Regional telephone giant SBC Communications Inc. said Monday that its first-quarter net income fell 54% because of one-time costs for the Cingular Wireless acquisition of AT&T Wireless and large one-time gains in last year's first quarter.
SBC, which owns 60% of Cingular, earned $885 million, or 27 cents a share, compared with $1.9 billion, or 58 cents, a year earlier. Quarterly revenue rose 2.5% to $10.25 billion.
Without its $242-million share of Cingular's merger expenses, SBC would have earned 34 cents a share, a penny more than analysts expected. The amount also was 1 cent more than its year-earlier profit once nonrecurring benefits totaling $800 million were excluded.
The purchase in December of AT&T Wireless made Cingular the nation's largest cellphone company. Meanwhile, if its pending $16-billion acquisition of AT&T Corp. is completed, SBC would become the nation's largest phone company.
Regional phone company Qwest Communications International Inc. on Monday called the proposed SBC-AT&T combination anti-competitive and said it would file comments opposing the deal with federal regulators.
But SBC spokesman Dave Pacholczyk, noting that Qwest is trying to buy long-distance carrier MCI Inc., said the Denver-based company was being hypocritical. "Qwest seems to be of two minds," he said. "A merger for them is fine, but a merger for us is not fine."
San Antonio-based SBC was one of the local phone companies created in the 1984 breakup of the AT&T monopoly and is the dominant local phone provider in California and 12 other states.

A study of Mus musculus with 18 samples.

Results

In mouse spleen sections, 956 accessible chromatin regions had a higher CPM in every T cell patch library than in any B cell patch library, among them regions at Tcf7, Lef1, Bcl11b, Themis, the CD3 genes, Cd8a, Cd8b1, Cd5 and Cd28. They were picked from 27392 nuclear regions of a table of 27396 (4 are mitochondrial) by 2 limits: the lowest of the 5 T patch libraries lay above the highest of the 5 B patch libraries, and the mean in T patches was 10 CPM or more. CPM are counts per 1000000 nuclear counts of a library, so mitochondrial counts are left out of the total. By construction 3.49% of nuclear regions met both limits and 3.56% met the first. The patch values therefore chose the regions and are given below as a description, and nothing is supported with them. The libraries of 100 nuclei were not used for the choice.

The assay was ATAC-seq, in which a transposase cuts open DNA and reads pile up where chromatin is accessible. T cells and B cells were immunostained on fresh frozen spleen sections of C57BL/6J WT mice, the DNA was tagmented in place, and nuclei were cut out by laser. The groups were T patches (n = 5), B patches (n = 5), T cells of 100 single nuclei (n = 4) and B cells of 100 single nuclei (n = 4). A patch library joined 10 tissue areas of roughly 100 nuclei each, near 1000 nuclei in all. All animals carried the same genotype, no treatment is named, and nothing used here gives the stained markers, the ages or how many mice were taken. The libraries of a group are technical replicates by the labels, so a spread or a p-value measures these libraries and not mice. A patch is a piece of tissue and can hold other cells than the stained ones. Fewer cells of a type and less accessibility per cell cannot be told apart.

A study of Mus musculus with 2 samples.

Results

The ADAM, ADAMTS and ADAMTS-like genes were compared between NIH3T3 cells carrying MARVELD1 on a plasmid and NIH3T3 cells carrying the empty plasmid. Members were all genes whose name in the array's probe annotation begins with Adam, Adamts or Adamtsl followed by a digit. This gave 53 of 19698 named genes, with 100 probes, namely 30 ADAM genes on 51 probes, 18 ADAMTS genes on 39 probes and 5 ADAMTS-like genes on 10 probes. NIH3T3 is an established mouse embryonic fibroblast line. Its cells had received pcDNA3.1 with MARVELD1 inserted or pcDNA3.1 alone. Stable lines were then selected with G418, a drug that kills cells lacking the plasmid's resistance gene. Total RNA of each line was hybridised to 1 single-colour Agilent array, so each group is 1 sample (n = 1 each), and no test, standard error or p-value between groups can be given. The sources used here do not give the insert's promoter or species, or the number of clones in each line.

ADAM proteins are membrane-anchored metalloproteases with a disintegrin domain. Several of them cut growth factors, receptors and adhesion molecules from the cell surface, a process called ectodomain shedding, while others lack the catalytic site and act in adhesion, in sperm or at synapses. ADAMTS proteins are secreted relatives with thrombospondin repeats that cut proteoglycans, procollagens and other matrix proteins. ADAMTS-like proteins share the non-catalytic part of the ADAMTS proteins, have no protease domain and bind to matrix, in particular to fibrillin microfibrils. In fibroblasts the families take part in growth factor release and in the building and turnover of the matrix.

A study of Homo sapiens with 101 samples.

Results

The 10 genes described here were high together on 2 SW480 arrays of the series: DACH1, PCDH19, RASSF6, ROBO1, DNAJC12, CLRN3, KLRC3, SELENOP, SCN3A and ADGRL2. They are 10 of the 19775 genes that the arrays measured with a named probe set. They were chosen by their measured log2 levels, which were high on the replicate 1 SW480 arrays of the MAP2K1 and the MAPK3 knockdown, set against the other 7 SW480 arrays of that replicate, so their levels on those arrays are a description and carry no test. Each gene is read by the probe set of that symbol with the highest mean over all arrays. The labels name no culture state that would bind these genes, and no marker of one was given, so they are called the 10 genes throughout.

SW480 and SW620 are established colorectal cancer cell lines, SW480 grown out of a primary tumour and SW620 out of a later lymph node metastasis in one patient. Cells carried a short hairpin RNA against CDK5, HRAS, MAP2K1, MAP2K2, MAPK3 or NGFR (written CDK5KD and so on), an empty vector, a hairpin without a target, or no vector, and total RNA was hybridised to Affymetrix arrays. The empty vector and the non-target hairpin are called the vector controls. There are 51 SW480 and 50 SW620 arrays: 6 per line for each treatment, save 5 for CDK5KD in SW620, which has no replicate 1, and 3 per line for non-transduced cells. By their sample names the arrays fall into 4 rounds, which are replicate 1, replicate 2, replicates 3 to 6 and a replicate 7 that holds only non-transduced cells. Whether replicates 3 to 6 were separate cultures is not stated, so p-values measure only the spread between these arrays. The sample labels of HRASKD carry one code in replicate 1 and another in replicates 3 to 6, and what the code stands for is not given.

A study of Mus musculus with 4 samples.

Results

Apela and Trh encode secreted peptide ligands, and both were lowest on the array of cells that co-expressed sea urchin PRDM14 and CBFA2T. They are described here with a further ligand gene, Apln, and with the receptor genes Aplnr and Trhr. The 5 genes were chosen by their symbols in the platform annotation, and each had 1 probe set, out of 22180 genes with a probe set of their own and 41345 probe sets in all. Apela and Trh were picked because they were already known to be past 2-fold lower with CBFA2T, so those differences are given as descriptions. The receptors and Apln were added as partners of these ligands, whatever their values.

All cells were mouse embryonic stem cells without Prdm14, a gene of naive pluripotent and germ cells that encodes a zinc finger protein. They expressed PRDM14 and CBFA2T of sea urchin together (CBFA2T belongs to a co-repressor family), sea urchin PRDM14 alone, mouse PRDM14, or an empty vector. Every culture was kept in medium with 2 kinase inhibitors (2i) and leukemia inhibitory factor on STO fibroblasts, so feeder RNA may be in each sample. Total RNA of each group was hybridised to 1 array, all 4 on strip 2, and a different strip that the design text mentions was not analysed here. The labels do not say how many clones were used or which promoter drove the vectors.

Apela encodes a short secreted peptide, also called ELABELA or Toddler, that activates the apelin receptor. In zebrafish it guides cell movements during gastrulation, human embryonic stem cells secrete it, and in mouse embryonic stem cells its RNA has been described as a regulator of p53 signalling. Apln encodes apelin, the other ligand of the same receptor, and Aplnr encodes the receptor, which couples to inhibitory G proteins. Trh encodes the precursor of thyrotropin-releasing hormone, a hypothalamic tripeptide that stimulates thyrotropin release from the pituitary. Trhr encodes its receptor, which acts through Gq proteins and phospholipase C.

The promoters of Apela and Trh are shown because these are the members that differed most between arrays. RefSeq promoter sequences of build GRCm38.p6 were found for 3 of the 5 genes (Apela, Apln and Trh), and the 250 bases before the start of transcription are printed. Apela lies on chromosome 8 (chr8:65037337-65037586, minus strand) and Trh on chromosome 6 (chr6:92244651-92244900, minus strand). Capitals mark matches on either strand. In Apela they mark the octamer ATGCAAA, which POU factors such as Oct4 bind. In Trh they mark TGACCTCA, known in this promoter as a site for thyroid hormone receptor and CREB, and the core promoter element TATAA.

Until last summer, AT&T and MCI were SBC's two biggest rivals for local phone customers. But because they have pulled out of the residential market and are in or near deals to be acquired, respectively, SBC is reaping some of the benefits.
For the first time in five years, the number of SBC's primary residential access lines grew from one quarter to the next, increasing by 16,000 to help boost wire-line revenue nearly 3%. The gain in primary lines was offset by a 104,000 decline in additional lines, but that decline was the lowest in four years.
Over 12 months, though, SBC lost 2.4 million residential and business access lines, a 4% decrease, as customers not only dropped additional lines but also switched to cellphones and other alternatives such as voice over Internet protocol, also called broadband or digital phone service.
"A major driver of both our improved consumer access line and consumer revenue trend is our bundling strategy," Rick G. Lindner, SBC's chief financial officer, told analysts in a conference call Monday.
He said 64% of SBC's customers sign up for two or more services from among local, long-distance, wireless, satellite TV and high-speed digital subscriber line, or DSL, offerings. That's up 50% from a year ago, Lindner said.
Key to the bundling strategy, he said, is the company's industry-leading DSL service. SBC added a record 504,000 DSL connections in the first quarter to give it a total of 5.6 million lines.
Wall Street analysts saw the quarterly results as essentially flat, with the company turning in some slightly better-than-expected numbers in some areas such as revenue and basic access lines while falling short in others.
SBC reduced its workforce, mainly through attrition, by 1,800 in the quarter, "exactly on track" with plans to eliminate 7,000 jobs the same way this year, Lindner said. It had nearly 161,000 employees at the end of March. The company cut 6,000 jobs last year.
SBC shares rose 12 cents Monday to $23.32 on the New York Stock Exchange.